PM – Climate Change
Thursday 27 January 2005
Environment Minister states that US is focused on reducing global warming; shadow minister disagrees with minister
TANYA NOLAN: The Federal Government has defended the actions of the Bush administration in tackling climate change.
British Prime Minister, Tony Blair, has urged the United States to cooperate more with the rest of the world to slow the pace of global warming.
But Australia says it’s unfair to accuse the US of not being closely engaged with other nations in finding solutions to the environmental threat.
The debate’s been reignited as British researchers more than double current predictions on how far temperatures might rise.
Marie Scoutas has more.
MARIE SCOUTAS: At the World Economic Forum meeting in Davos, the British Prime Minister, Tony Blair, has warned if the international community’s going to succeed in tackling climate change, the United States needs to become more of a team player.
TONY BLAIR: If America wants the rest of the world to be part of the agenda it has set, it must be part of their agenda, too.
MARIE SCOUTAS: But the Federal Environment Minister, Ian Campbell, says the US is pulling its weight.
IAN CAMPBELL: I disagree with him to the extent that I think America is closely engaged. Clearly they haven’t signed up to the Kyoto Protocol and nor have Australia. We understand their reasons. I don’t think it’s fair to say the Americans are anything other than quite focused.
MARIE SCOUTAS: Senator Campbell is upbeat about global efforts to reduce greenhouse gas emissions.
IAN CAMPBELL: I’m very sort of optimistic about the future. I think the technologies are there, the governments are focused and the world is working on a process of further meetings.
We’ll be having a ministerial meeting around the G8 in London in March and further meetings throughout the year, so I think the international efforts and our domestic efforts will lead to good outcomes beyond Kyoto.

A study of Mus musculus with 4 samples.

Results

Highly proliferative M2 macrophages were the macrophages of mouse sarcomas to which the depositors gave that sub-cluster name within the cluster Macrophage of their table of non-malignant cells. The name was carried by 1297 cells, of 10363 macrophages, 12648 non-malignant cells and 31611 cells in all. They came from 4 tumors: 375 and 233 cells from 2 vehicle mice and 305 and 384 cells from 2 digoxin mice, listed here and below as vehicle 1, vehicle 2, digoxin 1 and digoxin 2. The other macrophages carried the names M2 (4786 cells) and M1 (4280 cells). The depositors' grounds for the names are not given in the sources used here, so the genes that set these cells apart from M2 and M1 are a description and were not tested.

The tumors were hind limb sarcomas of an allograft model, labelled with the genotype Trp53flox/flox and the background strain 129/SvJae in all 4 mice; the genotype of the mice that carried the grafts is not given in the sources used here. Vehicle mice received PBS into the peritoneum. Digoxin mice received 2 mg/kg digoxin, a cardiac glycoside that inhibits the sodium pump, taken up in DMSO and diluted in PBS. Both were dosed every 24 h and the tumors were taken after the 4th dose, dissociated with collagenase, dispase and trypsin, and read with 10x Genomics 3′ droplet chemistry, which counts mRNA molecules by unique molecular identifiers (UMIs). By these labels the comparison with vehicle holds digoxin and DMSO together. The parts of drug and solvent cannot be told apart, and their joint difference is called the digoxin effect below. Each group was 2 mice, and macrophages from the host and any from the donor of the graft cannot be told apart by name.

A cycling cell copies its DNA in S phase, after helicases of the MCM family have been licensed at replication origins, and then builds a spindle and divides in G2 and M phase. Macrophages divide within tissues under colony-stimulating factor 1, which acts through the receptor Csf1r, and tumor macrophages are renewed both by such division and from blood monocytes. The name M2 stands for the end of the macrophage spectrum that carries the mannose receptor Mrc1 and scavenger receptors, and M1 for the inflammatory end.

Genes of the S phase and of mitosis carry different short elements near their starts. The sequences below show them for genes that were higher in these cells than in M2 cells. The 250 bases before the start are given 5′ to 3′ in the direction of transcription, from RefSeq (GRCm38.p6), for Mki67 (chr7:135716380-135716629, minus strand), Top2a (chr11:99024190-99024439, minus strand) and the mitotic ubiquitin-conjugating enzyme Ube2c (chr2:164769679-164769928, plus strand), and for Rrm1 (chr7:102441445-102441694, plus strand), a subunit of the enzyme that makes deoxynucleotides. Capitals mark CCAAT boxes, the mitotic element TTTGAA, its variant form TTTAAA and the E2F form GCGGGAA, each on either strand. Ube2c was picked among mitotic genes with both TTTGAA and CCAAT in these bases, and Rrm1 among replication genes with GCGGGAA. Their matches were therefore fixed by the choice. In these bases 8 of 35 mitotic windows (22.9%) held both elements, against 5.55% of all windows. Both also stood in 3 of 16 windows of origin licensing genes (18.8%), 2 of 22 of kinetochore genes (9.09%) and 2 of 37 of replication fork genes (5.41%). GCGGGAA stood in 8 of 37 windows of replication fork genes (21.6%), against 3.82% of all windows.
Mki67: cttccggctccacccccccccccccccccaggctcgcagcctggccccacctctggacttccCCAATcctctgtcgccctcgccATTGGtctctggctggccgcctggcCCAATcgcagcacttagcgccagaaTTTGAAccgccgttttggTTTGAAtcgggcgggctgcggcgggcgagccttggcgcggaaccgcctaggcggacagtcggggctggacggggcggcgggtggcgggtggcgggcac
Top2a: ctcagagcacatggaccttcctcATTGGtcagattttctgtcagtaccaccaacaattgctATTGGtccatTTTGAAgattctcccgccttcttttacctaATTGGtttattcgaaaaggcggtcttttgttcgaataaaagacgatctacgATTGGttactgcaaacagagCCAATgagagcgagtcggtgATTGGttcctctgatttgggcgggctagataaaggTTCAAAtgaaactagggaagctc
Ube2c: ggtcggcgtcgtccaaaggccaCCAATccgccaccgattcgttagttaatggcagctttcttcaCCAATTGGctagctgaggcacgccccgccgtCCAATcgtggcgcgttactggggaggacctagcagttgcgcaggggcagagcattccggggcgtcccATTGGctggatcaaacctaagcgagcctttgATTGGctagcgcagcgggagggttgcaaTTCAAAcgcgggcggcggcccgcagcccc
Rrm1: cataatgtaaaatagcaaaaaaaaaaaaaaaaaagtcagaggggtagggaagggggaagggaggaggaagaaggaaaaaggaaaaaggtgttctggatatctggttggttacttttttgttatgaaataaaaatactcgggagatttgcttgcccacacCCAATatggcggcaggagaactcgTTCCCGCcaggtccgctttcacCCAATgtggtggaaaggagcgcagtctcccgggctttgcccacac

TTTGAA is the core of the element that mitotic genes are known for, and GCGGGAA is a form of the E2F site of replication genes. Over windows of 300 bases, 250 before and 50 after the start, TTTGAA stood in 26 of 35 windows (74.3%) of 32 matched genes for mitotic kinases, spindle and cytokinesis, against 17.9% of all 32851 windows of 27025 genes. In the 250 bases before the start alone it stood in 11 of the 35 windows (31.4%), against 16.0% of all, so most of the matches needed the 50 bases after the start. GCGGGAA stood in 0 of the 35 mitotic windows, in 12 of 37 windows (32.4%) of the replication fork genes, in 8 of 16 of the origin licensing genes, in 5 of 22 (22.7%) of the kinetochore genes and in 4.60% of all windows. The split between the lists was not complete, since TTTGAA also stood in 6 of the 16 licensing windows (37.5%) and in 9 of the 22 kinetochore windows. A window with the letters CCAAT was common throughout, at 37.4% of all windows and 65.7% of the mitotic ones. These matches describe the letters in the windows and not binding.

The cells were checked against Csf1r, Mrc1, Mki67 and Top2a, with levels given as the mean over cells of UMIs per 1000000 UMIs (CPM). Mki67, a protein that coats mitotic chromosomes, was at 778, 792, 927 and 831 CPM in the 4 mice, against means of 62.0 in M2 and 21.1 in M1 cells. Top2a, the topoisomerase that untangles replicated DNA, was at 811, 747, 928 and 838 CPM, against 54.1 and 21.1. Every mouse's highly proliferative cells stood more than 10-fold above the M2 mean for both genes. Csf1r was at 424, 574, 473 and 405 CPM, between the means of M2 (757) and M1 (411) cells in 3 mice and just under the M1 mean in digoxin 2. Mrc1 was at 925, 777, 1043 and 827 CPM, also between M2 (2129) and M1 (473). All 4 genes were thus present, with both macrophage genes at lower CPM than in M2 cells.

MARIE SCOUTAS: The Shadow Environment Minister, Anthony Albanese, says that’s a convenient view.
ANTHONY ALBANESE: He clearly, and the Howard Government had got itself in a position where they’re isolated, along with the Bush administration, on the need to take global action on climate change.
You had Tony Blair’s speech today. Two days ago you had the release of the International Climate Change Taskforce Report that reported that the global community has less than a decade.
MARIE SCOUTAS: Further scientific evidence has been released today on just how dramatic the changes in climate might be.
A study by British researchers predicts temperatures could rise by between two and 11.5 degrees, more than doubling the range predicted by the Intergovernmental Panel on Climate Change.
The study led by researchers at Oxford University drew on modelling by 95,000 computers around the world.
An Australian scientist who participated in the project, Dr Nick Hoffman from the University of Melbourne, says the findings should be taken seriously.
NICK HOFFMAN: The project is very credible because we’ve run these simulations. Now the exact model may not be perfect, but it’s shown us a wide range of outcomes. The model runs have shown us what the range of outcomes is. One of those outcomes is going to be what’s going to happen to the Earth, and most of the outcomes are not very pretty.
MARIE SCOUTAS: The British researchers say they’ll try and reduce that uncertainty by improving their computer models.
The broader issue of international political action is expected to be revisited by Mr Blair, given he’s vowed to use his leadership of the G8 group of nations and the European Union this year to push for more urgent action.
TANYA NOLAN: Marie Scoutas reporting.